And How The Seahawks Will Stop Them
In our final installment of the KNOW YOUR ENEMY series looking at the top 5 offensive weapons for each of the Seattle Seahawks‘ rivals in the NFC West, we take a look at the St. Louis Rams.
It’s hard to fathom that the Rams were battling the Seahawks for a playoff berth only two seasons ago, because last year they fell down to earth with a pronounced thud, winning only 2 games.
This year, there is hope that the many young players on offense can gel and get the team back to respectability under new Head coach Jeff Fisher.
1. Steven Jackson
Over his eight seasons with the Rams, Running Back Steven Jackson has developed into the most consistent, and impressive player on the roster.
At 6’2” and 248 lbs., Jackson can plow through players with his muscular body while having great elusiveness. Jackson has 3 Pro Bowls and 2 All-Pro selections under his belt, and was the NFC rushing leader in 2009.
He is also the Rams’ all-time leading rusher with 9,093 yards, and is known as one of the best backs in the entire league. He has never played in a playoff game, and he runs with an intent and hunger that shows he won’t stop until he gets to the post-season.
The Seahawks will have to take Jackson down as a team, hoping that the front can bottle up the middle and the linebackers can chase him down.
Expect to see Strong Safety Kam Chancellor move up into the box to help defend the run until the Rams prove they can consistently move the ball through the air.
2. Sam Bradford
Quarterback Sam Bradford had a strong rookie campaign for St. Louis, throwing for 3512 yards, and 18 touchdowns. He fell off last year due to injury and only got into 10 games, throwing for just 6 touchdowns.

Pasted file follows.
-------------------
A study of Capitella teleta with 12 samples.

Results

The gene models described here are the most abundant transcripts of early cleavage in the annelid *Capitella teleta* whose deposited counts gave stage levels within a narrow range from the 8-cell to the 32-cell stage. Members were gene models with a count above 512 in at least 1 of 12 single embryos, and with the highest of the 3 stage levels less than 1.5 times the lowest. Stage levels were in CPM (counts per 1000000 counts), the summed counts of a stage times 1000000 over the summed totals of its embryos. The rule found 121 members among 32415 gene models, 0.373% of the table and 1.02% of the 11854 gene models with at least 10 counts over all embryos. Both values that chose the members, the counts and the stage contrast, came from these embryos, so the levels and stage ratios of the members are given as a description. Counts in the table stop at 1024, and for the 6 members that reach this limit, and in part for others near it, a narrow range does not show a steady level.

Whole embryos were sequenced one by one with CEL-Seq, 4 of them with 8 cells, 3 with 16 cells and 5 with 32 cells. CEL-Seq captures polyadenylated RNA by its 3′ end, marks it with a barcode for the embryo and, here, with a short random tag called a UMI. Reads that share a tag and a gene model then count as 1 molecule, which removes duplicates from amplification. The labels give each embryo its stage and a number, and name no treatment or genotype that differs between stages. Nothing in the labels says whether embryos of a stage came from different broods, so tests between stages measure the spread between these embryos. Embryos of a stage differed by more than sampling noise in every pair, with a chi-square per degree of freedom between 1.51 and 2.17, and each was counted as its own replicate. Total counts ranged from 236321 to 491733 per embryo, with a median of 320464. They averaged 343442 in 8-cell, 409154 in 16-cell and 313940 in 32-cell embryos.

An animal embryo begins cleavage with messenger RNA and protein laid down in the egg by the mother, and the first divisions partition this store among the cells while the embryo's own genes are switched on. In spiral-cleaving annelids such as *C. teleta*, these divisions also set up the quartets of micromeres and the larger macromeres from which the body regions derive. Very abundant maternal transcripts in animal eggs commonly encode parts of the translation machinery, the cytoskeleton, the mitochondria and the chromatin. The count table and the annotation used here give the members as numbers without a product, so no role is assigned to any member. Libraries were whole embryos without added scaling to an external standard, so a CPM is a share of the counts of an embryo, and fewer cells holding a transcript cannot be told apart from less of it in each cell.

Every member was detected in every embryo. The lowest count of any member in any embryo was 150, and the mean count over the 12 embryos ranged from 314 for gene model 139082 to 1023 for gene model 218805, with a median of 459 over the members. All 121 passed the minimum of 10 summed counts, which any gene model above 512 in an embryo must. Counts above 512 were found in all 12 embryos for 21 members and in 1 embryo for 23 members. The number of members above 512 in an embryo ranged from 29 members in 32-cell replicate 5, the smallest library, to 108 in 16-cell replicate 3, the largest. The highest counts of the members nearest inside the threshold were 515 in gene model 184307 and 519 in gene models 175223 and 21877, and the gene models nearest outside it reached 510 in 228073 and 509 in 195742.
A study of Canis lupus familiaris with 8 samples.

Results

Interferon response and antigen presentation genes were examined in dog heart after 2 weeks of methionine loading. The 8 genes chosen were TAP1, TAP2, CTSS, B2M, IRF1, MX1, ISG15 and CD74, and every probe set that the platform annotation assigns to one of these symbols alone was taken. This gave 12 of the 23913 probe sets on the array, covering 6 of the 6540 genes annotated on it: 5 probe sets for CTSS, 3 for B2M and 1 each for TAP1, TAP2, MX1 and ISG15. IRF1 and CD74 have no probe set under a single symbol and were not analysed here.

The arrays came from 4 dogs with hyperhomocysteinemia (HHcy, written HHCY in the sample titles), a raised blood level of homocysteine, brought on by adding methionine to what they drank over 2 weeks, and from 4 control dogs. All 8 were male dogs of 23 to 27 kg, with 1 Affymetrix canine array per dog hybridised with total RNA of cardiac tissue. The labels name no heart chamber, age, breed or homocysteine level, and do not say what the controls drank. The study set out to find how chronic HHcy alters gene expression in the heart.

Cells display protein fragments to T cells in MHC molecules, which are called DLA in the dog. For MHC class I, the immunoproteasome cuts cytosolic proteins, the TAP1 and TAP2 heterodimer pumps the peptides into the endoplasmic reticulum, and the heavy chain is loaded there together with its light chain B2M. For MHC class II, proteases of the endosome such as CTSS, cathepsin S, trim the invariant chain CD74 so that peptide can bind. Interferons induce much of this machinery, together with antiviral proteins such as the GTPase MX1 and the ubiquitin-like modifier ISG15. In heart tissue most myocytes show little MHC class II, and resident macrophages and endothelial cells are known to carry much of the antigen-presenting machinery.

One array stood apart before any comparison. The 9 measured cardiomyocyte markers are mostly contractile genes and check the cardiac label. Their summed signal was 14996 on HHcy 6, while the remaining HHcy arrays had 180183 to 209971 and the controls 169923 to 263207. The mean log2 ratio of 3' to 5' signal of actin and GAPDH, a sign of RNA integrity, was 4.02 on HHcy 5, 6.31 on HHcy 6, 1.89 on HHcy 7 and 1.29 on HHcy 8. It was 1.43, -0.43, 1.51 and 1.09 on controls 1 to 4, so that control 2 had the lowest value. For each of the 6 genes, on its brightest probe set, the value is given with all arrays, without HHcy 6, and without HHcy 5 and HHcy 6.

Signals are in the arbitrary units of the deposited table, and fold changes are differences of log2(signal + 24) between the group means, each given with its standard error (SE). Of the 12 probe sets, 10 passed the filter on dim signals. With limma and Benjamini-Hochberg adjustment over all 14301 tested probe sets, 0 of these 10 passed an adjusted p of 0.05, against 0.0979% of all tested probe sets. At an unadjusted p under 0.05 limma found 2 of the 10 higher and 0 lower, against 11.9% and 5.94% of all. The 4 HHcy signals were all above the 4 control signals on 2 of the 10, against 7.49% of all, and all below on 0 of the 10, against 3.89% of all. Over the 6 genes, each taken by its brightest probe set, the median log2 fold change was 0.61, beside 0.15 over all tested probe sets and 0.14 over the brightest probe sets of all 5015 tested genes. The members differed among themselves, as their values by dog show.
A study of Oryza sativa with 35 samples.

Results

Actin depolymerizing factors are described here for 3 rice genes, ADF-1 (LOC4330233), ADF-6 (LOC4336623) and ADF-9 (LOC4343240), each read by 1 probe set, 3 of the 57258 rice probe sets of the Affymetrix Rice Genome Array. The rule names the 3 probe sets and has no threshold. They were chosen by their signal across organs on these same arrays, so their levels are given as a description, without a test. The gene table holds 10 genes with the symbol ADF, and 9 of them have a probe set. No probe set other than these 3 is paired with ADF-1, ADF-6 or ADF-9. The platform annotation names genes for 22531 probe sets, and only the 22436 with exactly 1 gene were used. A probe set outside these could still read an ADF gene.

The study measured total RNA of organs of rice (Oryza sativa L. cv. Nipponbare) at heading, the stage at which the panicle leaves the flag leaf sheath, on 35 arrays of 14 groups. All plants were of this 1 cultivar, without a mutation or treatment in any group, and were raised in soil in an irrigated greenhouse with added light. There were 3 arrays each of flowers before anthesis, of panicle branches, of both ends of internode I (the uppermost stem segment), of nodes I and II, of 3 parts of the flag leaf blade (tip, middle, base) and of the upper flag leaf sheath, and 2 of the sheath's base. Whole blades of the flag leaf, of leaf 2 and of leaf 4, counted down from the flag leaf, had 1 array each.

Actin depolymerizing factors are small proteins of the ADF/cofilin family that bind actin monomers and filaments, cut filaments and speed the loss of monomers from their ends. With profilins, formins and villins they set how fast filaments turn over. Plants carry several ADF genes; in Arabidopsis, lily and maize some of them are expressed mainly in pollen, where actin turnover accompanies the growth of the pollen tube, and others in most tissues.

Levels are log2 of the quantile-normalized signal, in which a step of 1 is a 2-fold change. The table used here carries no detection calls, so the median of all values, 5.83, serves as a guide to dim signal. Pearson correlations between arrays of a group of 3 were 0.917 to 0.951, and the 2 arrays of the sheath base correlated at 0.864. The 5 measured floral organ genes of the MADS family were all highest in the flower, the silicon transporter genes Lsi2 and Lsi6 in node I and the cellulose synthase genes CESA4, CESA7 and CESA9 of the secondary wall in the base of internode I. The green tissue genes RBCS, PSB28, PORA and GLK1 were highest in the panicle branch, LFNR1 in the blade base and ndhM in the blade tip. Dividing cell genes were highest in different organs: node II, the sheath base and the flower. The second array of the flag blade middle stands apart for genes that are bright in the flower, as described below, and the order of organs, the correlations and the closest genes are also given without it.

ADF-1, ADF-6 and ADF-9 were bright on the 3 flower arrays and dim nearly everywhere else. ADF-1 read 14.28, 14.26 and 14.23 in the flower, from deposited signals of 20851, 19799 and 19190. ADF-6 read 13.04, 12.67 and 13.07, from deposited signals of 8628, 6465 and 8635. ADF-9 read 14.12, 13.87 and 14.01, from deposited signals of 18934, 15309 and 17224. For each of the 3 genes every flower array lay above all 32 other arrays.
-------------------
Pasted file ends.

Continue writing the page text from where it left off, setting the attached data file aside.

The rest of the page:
Many people feel that Bradford simply needs more weapons around him, as a lot of the Rams’ receivers over the past two years have left much to be desired.
This is a player who was drafted first overall in 2010, and won the NFL’s Offensive Rookie of the Year Award. He holds the NFL’s record for most completions by a rookie (354), and most completed passes without an interception (169).
The Seahawks will hope to have Bruce Irvin become a pass rushing specialist and knock Bradford down when he gets through the line.
They have to be hoping even harder that DL Chris Clemons is back to help wreak havoc with Irvin upon the young QB.
3. Danny Amendola
The Rams have been rather thin at Receiver over the last few seasons, but WR Danny Amendola has been a nice surprise. He was injured early last year on October 6 and was never able to get back on the field due to a season-ending triceps injury.
When he has been in the lineup, he has shown himself to be a shifty, reliable slot receiver in the mold of the New England Patriots’ Wes Welker.
Amendola had 85 receptions for the Rams in 2010, and became a favorite target of Quarterback Sam Bradford. The Seahawks will have to keep an eye on the elusive little player, and will look to do so with CB Marcus Trufant or CB Roy Lewis following him in the slot.
4. Lance Kendricks
Tight End Lance Kendricks was a rookie that was expected to come in and really help the Rams as a 2nd round pick in the 2011 NFL Draft.
However, he was prone to dropping the ball and had lapses and never really had the season he wanted to in his first in the NFL.
Now, with a full offseason and a healthy Sam Bradford throwing him the ball, expect him to realize his potential as a big-bodied TE. New Rams Offensive Coordinator Brain Schottenheimer’s offenses use the Tight End in many different ways, so expect there to be more demand on Kendricks this season.
5. Brian Quick
The Rams have so little dynamism after Steven Jackson on their offense, that rookie Wide Receiver Brain Quick could definitely provide a spark for the team.
Quick was taken with the 33rd overall pick in the 2012 NFL Draft.
He has reportedly looked good in the offseason camps, and was a two-time FCS All-American First Team selection in college with Appalachian State. He was a highly coveted WR coming out of college who uses his big body and physical ability to make plays down the field.
He was dominant at the FCS level, and the Rams hope he can continue that in the NFL.